EGU23-6005, updated on 14 Jun 2023
EGU General Assembly 2023
© Author(s) 2023. This work is distributed under
the Creative Commons Attribution 4.0 License.

What are the causes of repeated mass-transport deposits in perialpine Lake Brienz (Switzerland)?

Stéphanie Girardclos1, Renaldo Gastineau2, Katrina Kremer2, and Flavio S. Anselmetti2
Stéphanie Girardclos et al.
  • 1University of Geneva, Department of Earth sciences and Institute of Environmental Sciences, Geneva, Switzerland (
  • 2University of Bern, Institute of Geological Sciences and Oeschger Centre for Climate Change Research, Bern, Switzerland (,,

Mass transport deposits (MTDs) are common features in lakes that impose a significant natural hazard as they can be tsunamigenic (e.g., in Lake Geneva; Kremer et al., 2012). MTDs can be assigned to different categories, such as lateral-slope landslides, margin collapses, delta collapses and rockfalls (Sammartini et al., 2019). In 1996 AD, a MTD occurred in Lake Brienz, a 260 m deep Alpine lake at the frontal range of the Bernese Swiss Alps. The 1996 MTD extends over ∼8.5 km2 and has a total volume of 2.7 106 m3, which amounts to ∼8.7 years of the lake’s annual sediment input. The 1996 MTD had no specific trigger and occurred as a spontaneous failure due to sediment accumulation on the Aare Delta (Girardclos et al., 2007).

However, the 1996 delta collapse was not a unique event: a dense grid of 240 km of seismic lines reveals at least four older massive MTDs in the lake basin with similar dimensions. Our study aims to identify the ages and the processes behind these large deposits. For this purpose, we focus on long sediment cores with a cumulative length of about 40 m from four coring locations. A combined analysis of seismic profiles and sediment cores, coupled with an age model combining radionuclides, radiocarbon, coal and steamboat slag, and historical flood events, allows us to explore the feedback between climate and anthropogenic impact acting upon these MTDs. The MTDs are analysed regarding their source areas, either the Aare or the Lütschine deltas, both occurring at the opposite ends of the elongated lake basin. Moreover, we investigate whether earthquakes, spontaneous failures or a shift of the Lütschine River could act as potential triggers, as well as the role of sediment loading in the deltas related to climate changes or anthropogenic impacts in the watershed. Altogether, these factors have likely affected the recurrence rates of these significant sedimentological events.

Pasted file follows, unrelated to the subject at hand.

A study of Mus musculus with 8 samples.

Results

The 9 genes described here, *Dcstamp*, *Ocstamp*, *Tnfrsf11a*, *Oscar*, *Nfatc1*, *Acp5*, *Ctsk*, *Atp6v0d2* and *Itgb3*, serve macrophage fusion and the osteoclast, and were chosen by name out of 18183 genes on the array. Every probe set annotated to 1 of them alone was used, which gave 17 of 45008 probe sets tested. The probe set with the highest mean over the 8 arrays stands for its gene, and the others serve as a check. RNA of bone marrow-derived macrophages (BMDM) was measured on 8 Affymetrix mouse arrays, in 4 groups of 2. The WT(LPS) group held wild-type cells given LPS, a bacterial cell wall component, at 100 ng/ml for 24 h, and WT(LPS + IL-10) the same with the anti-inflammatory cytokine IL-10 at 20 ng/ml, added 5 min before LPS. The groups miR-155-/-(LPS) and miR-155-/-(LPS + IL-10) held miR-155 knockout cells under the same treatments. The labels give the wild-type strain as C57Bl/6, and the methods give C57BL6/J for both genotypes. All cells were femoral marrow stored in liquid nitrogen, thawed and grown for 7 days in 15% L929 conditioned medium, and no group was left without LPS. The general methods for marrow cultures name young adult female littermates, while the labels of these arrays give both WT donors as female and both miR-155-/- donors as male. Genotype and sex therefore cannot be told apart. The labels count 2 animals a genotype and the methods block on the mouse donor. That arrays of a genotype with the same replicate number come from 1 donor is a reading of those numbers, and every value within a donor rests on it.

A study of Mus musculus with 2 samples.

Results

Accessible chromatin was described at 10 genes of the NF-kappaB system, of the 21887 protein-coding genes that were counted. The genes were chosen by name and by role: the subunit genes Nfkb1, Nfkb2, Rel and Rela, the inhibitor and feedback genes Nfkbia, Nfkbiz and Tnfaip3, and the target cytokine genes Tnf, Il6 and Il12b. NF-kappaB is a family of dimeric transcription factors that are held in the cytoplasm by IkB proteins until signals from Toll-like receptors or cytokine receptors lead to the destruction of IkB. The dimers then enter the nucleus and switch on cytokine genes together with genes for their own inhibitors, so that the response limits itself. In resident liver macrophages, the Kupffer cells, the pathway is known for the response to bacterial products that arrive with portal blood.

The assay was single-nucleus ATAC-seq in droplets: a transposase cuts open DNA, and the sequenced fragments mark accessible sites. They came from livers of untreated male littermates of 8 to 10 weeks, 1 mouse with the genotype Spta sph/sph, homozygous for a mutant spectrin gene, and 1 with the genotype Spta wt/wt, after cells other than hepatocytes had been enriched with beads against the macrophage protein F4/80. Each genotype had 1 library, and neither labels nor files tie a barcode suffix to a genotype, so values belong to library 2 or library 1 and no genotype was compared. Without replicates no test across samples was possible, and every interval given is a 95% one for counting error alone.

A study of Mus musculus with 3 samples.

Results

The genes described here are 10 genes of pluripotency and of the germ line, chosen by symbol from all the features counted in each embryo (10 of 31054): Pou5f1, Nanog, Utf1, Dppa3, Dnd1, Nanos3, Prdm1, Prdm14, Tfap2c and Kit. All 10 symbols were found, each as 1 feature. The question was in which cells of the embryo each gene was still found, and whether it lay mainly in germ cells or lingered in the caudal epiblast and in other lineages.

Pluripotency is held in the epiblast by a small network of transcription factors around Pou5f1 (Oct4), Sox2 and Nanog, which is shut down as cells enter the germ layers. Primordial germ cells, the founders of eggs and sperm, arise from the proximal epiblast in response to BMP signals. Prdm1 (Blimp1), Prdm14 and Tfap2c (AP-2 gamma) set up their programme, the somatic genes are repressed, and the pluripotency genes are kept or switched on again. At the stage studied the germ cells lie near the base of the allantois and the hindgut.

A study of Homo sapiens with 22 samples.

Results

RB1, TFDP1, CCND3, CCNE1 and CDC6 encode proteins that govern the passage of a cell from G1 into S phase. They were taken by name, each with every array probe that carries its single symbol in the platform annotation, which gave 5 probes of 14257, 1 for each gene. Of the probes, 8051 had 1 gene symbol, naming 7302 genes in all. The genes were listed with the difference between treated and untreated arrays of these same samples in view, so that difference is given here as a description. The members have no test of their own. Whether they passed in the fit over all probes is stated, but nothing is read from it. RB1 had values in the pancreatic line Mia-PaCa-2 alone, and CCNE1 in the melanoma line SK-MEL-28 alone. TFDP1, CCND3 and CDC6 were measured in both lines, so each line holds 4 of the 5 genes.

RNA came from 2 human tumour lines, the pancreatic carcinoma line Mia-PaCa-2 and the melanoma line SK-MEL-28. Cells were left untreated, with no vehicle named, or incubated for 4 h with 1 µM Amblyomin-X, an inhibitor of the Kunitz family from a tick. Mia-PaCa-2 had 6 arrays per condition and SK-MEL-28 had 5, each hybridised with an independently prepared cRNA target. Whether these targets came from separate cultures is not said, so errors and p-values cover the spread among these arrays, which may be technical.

Girardclos, S., Schmidt, O.T., Sturm, M., Ariztegui, D., Pugin, A., Anselmetti, F.S., 2007. The 1996 AD delta collapse and large turbidite in Lake Brienz. Mar. Geol. 241, 137–154.

Kremer, K., Simpson, G., Girardclos, S., 2012. Giant Lake Geneva tsunami in AD 563. Nat. Geosci. 5, 756–757.

Sammartini, M., Moernaut, J., Anselmetti, F.S., Hilbe, M., Lindhorst, K., Praet, N., Strasser, M., 2019. An atlas of mass-transport deposits in lakes. Submar. Landslides Subaqueous Mass Transp. Depos. Outcrops Seism. Profiles 201–226. 

How to cite: Girardclos, S., Gastineau, R., Kremer, K., and Anselmetti, F. S.: What are the causes of repeated mass-transport deposits in perialpine Lake Brienz (Switzerland)?, EGU General Assembly 2023, Vienna, Austria, 23–28 Apr 2023, EGU23-6005,, 2023.